If you ever wondered if your back pain is keeping you from sleeping well, or whether your trouble sleeping is making your back ache, you are probably right.
While there isn’t a lot of solid research data to say that sleep problems and back pain are linked, many experts do believe that people with sleep problems experience more back pain.
In a study of sleep quality and low back pain in the journal Annals of Behavioral Medicine 105 people with low back pain completed a standardized assessment 5 times a day for 14 days to rate their back pain, physical function and their thoughts about pain severity, and prior night’s sleep.
The results showed that poor sleepers reported high pain and negative mood, while good sleepers reported relatively good mornings, but that their pain levels were comparable to the poor sleepers by the end of the day. The researchers concluded that sleep quality is related to pain intensity, and interventions for back pain should include attention to sleep problems.
While a link between back pain and sleep quality may not be scientifically established, a national survey by the National Sleep Foundation found that pain is a key factor in loss of sleep with an average 42 minute sleep debt for those with chronic pain, compared to no sleep debt for those without pain.
Whatever the role of pain has in sleep, there is a lot of research showing that getting 7-8 hours of good quality sleep is important for overall health. If lower back pain is interfering with getting a good night sleep there are a number of things you can do to improve your sleep quality, which could in turn improve your back pain.
Pay attention to sleep hygiene
Surprisingly your daytime habits can be affecting your nighttime sleep. The National Sleep Foundation says that people who get good quality sleep make sleep a priority and pay attention to what specialists call good sleep hygiene.
Good sleep hygiene refers to the habits and practices that contribute to good nighttime sleep quality and full daytime alertness. The foundation recommends these 10 steps to improve your sleep hygiene.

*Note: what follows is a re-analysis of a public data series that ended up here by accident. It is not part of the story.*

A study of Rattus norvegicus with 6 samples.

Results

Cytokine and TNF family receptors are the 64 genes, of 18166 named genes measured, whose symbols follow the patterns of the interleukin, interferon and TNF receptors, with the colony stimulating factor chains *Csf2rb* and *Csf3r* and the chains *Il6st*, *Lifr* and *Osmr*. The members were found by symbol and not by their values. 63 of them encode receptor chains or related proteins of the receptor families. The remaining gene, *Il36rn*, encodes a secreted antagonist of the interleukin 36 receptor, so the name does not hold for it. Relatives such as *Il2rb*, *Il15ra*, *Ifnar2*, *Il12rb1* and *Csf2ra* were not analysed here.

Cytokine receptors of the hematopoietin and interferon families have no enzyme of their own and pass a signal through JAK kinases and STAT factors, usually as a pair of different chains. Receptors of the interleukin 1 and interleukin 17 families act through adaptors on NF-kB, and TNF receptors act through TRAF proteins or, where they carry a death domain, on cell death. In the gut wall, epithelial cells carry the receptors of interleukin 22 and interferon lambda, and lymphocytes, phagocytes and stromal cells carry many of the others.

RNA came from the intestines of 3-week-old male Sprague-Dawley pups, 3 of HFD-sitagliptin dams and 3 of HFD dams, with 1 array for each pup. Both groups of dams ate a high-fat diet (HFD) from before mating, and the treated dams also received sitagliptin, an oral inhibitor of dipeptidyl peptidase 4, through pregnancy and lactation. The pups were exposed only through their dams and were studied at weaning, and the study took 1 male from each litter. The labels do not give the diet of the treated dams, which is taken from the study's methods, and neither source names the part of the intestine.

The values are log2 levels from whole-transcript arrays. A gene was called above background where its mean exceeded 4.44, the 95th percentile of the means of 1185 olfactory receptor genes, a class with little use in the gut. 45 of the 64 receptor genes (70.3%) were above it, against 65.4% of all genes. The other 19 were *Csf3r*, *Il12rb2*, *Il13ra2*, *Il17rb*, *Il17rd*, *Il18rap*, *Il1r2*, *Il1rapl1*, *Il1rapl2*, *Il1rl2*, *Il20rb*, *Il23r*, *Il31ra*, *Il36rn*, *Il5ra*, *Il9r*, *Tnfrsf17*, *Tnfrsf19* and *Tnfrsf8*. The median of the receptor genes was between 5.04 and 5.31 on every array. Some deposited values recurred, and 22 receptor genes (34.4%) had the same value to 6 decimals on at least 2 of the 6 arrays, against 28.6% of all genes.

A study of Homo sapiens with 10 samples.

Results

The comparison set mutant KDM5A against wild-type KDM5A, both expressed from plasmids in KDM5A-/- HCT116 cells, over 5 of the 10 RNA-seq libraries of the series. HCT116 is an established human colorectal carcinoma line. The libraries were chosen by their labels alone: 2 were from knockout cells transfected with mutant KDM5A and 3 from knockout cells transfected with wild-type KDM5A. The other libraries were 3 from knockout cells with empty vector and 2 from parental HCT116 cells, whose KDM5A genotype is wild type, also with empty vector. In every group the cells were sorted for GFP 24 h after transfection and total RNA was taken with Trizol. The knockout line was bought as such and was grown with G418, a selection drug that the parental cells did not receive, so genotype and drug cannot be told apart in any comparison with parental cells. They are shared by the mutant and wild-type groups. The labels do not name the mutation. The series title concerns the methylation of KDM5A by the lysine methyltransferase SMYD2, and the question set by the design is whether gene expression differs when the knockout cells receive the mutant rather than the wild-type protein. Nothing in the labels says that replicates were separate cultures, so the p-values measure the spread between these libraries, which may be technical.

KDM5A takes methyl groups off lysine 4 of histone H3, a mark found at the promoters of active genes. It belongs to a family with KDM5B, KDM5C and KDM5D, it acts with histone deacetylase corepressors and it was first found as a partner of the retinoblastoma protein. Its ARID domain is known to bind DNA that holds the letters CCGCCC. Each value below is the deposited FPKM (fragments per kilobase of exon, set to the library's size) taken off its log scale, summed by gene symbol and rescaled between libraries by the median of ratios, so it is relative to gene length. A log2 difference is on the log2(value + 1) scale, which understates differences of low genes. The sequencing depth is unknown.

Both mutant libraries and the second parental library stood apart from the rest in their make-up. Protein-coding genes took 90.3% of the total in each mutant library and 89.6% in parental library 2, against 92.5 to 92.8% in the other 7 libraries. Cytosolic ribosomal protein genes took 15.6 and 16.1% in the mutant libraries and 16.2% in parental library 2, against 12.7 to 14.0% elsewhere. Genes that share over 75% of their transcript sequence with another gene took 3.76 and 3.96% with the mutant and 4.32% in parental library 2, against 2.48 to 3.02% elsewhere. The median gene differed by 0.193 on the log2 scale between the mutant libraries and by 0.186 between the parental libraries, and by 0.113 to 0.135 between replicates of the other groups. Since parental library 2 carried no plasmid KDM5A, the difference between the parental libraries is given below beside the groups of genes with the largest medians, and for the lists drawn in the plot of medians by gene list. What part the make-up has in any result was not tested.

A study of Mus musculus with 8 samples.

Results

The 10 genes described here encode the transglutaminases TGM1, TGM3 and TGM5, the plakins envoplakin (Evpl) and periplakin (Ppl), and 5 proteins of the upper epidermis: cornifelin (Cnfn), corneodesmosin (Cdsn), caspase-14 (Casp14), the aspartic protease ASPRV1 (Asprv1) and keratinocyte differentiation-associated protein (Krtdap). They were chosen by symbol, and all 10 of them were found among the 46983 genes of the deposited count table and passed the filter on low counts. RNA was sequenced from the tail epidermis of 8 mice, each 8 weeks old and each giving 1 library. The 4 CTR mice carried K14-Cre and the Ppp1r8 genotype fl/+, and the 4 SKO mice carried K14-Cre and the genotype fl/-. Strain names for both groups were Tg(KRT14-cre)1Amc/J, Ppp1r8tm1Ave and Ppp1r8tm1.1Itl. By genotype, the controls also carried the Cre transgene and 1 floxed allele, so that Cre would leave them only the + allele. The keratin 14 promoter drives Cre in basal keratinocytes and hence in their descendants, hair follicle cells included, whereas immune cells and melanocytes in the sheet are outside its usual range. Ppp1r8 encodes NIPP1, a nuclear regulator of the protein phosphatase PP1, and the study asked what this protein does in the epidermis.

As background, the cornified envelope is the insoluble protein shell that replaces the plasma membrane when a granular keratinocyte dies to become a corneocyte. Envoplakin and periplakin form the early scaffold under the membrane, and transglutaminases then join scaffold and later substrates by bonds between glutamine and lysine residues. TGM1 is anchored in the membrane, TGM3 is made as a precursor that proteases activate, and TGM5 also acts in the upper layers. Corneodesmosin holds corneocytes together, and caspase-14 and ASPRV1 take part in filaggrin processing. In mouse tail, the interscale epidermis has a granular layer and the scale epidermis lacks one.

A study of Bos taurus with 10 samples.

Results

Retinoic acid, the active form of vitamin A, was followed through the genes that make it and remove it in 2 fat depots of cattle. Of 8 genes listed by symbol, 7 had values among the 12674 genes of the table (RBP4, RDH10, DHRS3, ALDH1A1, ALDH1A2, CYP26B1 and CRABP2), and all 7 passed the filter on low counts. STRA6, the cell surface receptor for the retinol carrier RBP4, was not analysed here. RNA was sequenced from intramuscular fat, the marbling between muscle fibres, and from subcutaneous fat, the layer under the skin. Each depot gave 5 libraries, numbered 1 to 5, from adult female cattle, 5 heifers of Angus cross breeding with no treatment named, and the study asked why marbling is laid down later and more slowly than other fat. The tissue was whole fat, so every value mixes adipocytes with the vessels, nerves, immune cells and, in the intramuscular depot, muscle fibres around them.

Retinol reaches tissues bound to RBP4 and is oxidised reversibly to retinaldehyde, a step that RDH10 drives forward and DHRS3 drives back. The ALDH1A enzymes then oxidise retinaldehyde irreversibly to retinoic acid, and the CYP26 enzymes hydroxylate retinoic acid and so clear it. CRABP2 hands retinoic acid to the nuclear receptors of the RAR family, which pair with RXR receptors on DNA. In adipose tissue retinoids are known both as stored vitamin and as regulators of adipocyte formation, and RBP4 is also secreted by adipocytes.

Good sleep hygiene begins during the day – Many people sit at a desk for most of the day in front of a computer. Sitting too much, particularly if you slouch with a rounded curve to your spine will increase back pain. Strive for good posture while sitting and standing. Break up sitting with standing or walking several times a day.
Limit naps to 30 minutes – Short naps of 20-30 minutes can improve alertness and performance, but naps do not make up for inadequate nighttime sleep.
Avoid stimulants – Most people know to avoid caffeine and nicotine close to bedtime, but don’t realize that these stimulants take several hours to clear from your system. If you find it difficult to fall asleep or stay asleep, try avoiding caffeine and nicotine from early-to-late afternoon on.
Avoid alcohol before bed – While alcohol is widely known as a sedative and can make you sleepy, moderation is the key. Too much alcohol before bedtime can disrupt sleep during the second half of the night as your body works to clear the alcohol from your system.
Exercise promotes good quality sleep – Moderation is key with exercise as well. Light exercise, like walking or cycling can improve sleep quality, but strenuous exercise close to bedtime acts as a stimulant as your body is revved up, making falling and staying asleep more difficult.
Avoid certain foods – Heavy, fatty or fried foods, citrus fruits and carbonated drinks can cause indigestion for some people, which can result in painful heartburn when you lay down to sleep.
Get natural light during the day – Try to get outdoors several times during the day. Sunlight during the day and darkness at night helps maintain your body’s natural circadian rhythm, which is key to your sleep-wake cycle.
Maintain a regular relaxing bedtime routine – A nightly warm shower or bath, reading a book or listening to relaxing music before bed can help prepare your body for sleep.
Ensure a supportive sleep environment – Make sure your mattress and pillows provide the support and fit that makes your body comfortable. The mattress should have enough give to reduce pressure points while supporting your spine. Pillows should support the neck not the shoulders.
Maintain comfortable sleep position – Whether you sleep on your back, stomach or side, there are things you can do to reduce stress on your spine. Back sleepers might consider a pillow under the knees, stomach sleepers might use a small cushion under the stomach, and side sleepers can use a body pillow to help cushion and support legs and knees and keep them aligned with the spine.
Regardless of the source of your back pain, a quality night sleep may ease the pain temporarily and improve other aspects of your health. At Dr. Michael Gomez we take a comprehensive approach to achieving the optimal relief for your back pain. Request an appointment by contacting us by email, or calling 786-456-4152.